Ward points out that while retailers are interested in stocking locally sourced products, their wholesaler isn't usually the first port of call as most suppliers like to actively target retailers direct, or deal through the internet.
Ward says: "The internet has had a big impact on our business. A lot of suppliers have their own websites and delivery vans allowing them to cut out the middle man. They are also looking for a big premium on what they sell so they prefer to go to the retailers direct."
But while locally sourced products are still a relatively small aspect of his business, Ward is proud of the good relations he has with those local suppliers whose products he does sell and is always on the lookout
"The local products that we do sell tend to do very well in their different categories compared with the leading brands. We also find that local suppliers tend to be easier to deal with, even those that are quite large national suppliers who happen to be local to us," he explains.
One local supplier whose products are doing well with ForWard is jam producer Wilkins of Tiptree. The Essex-based company is situated just 20 miles away from the ForWard depot on the Essex-Suffolk border.
Ward says that the relationship between supplier and wholesaler is particularly strong. "It helps that
the MD is a good friend," he jokes. "But seriously, the fact that we are so close is a great advantage for holding meetings, discussing deals and any new lines."
He adds: "The Wilkins lines are extremely popular both for our retail and foodservice customers and stack up well against the brand leader."
Dealing with the large suppliers on his doorstep also means ForWard is in a position to offer a more comprehensive range than other wholesalers might. Most wholesalers, for example, will take delivery of only a select few lines from Suffolk's most famous brewer, Greene King, whereas ForWard is more than happy to stock a more complete range because
both local retailers and pub-owners demand it.
Ward argues: "Many wholesalers around the country will only carry the big lines such as Greene King IPA. As it is based here in Suffolk we like to provide a bit more of what's on offer, including some lines that maybe haven't been heard of in other parts of the UK."
Local successes include Greene King's Strong Suffolk Ale, the Greene King-owned Ridley's Old Bob bitter - which originally hails from Chelmsford in Essex - and Adnam's Strong Sussex Bitter, brewed on the Suffolk coast in Southwold.
In the same way, ForWard sells an above average amount of locally produced Malden Salt. Ward says: "Local chefs are always keen to say that they only use the best local produce and this is an excellent local premium product."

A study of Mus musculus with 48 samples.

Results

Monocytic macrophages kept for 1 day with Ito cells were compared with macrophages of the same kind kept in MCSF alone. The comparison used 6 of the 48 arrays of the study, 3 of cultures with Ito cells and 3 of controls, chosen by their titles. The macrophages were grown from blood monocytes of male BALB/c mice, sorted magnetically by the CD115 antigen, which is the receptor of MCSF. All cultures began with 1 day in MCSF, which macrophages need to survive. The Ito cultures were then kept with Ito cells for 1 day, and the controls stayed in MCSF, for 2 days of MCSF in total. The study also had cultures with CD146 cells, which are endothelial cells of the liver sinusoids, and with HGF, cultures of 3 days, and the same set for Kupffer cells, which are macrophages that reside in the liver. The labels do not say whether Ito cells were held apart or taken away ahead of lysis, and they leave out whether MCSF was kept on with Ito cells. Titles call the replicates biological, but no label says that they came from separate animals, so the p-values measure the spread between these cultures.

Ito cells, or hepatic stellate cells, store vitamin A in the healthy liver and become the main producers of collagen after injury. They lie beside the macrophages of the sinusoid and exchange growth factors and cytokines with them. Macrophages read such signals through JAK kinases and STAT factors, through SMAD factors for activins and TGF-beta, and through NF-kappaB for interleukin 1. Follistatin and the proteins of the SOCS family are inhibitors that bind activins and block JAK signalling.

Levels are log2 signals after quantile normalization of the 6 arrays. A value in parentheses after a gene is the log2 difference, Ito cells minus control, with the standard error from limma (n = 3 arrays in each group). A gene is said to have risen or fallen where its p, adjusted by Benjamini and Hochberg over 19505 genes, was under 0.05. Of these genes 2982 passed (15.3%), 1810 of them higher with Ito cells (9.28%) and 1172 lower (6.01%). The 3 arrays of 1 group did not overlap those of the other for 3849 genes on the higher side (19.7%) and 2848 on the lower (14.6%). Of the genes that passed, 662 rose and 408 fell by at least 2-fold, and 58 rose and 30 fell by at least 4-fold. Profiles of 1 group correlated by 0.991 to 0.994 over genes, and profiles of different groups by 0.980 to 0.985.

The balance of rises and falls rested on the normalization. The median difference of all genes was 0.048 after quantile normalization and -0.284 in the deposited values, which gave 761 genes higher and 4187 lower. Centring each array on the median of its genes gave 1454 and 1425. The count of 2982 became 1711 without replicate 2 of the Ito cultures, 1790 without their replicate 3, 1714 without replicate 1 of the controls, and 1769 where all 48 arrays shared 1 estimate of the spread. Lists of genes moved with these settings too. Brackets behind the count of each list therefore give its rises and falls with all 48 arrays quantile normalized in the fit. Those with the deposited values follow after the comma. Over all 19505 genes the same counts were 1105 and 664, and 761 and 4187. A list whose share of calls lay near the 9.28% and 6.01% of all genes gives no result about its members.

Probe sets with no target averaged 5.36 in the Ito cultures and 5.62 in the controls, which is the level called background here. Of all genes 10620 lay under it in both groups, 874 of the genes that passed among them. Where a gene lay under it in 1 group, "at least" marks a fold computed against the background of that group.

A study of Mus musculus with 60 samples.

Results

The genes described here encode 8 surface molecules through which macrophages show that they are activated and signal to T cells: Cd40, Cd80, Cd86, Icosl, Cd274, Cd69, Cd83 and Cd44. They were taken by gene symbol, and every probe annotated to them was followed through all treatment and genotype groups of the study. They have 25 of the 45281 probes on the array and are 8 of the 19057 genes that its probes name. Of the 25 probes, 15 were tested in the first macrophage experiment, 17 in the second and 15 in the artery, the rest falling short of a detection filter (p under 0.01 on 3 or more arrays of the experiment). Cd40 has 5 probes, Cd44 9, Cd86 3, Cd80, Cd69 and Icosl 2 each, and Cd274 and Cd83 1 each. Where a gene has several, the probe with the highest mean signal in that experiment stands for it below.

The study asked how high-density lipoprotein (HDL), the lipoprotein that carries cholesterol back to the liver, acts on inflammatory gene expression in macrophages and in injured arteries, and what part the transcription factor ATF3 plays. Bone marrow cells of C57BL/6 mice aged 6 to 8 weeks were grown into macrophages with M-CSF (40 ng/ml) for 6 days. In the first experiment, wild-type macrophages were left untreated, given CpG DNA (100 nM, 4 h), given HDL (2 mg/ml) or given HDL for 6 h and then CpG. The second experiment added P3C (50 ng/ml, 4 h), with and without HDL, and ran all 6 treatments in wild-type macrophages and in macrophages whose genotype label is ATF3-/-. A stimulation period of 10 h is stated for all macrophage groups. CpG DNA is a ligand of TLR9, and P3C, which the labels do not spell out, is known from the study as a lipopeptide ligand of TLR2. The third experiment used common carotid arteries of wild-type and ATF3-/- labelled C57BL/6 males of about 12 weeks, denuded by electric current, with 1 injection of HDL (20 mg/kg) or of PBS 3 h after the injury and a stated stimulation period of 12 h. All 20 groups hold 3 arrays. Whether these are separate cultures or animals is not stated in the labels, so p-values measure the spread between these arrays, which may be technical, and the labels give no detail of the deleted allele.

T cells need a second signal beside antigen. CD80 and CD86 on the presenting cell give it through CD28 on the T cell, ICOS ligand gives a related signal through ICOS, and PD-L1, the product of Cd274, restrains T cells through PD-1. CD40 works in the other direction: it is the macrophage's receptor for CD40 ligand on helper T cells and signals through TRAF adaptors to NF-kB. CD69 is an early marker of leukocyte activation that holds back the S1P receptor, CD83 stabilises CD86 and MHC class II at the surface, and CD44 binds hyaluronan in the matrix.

Ward took over the running of the 15,000sq ft Sudbury depot in April following his departure from online wholesaler Blueheath. The warehouse was considered surplus to requirements by the new generation wholesaler, which had bought Ward's family run wholesaler AC Ward & Son last year.
Under an agreement with Blueheath, Ward is restricted to supplying only those retailers or other businesses within a 20-mile radius of the Sudbury site, but he admits he is glad to be back within a small business that, he says, is entirely focused on supporting local businesses.
"Our aim is to be an important and supportive hub for small businesses in this area, especially as we develop and grow to replicate the model in other parts of East Anglia," he explains.
"When it comes to produce we like to deal with local merchants as far as possible. We sell an awful lot of cheese and this is all sourced through local dealers in Sudbury. Of course, the cheese itself isn't local as it just isn't produced in this part of the country anymore."
Ward has also sub-contracted a local butcher, RG Meats, to run a concession within the depot. The fully functioning butchers shop- within-a-shop offers specials including locally reared English lamb and even a Sudbury sausage.
All of this supports Ward's intention that he "would like to stock more local products". However, he realises that the demand - as with everything in wholesaling - must come from retailers.
Ward suggests: "It is hard to cater for retailers who want to increase the number of local lines in their stores as not all retailers will want this. In a small area like ours it may just be a few retailers who are serious about local sourcing as a way of making themselves stand out from the competition."
Ward may believe that "the bandwagon towards local sourcing is only just beginning to get moving", but you can be sure that James Ward and the ForWard operation will be there every step of the way.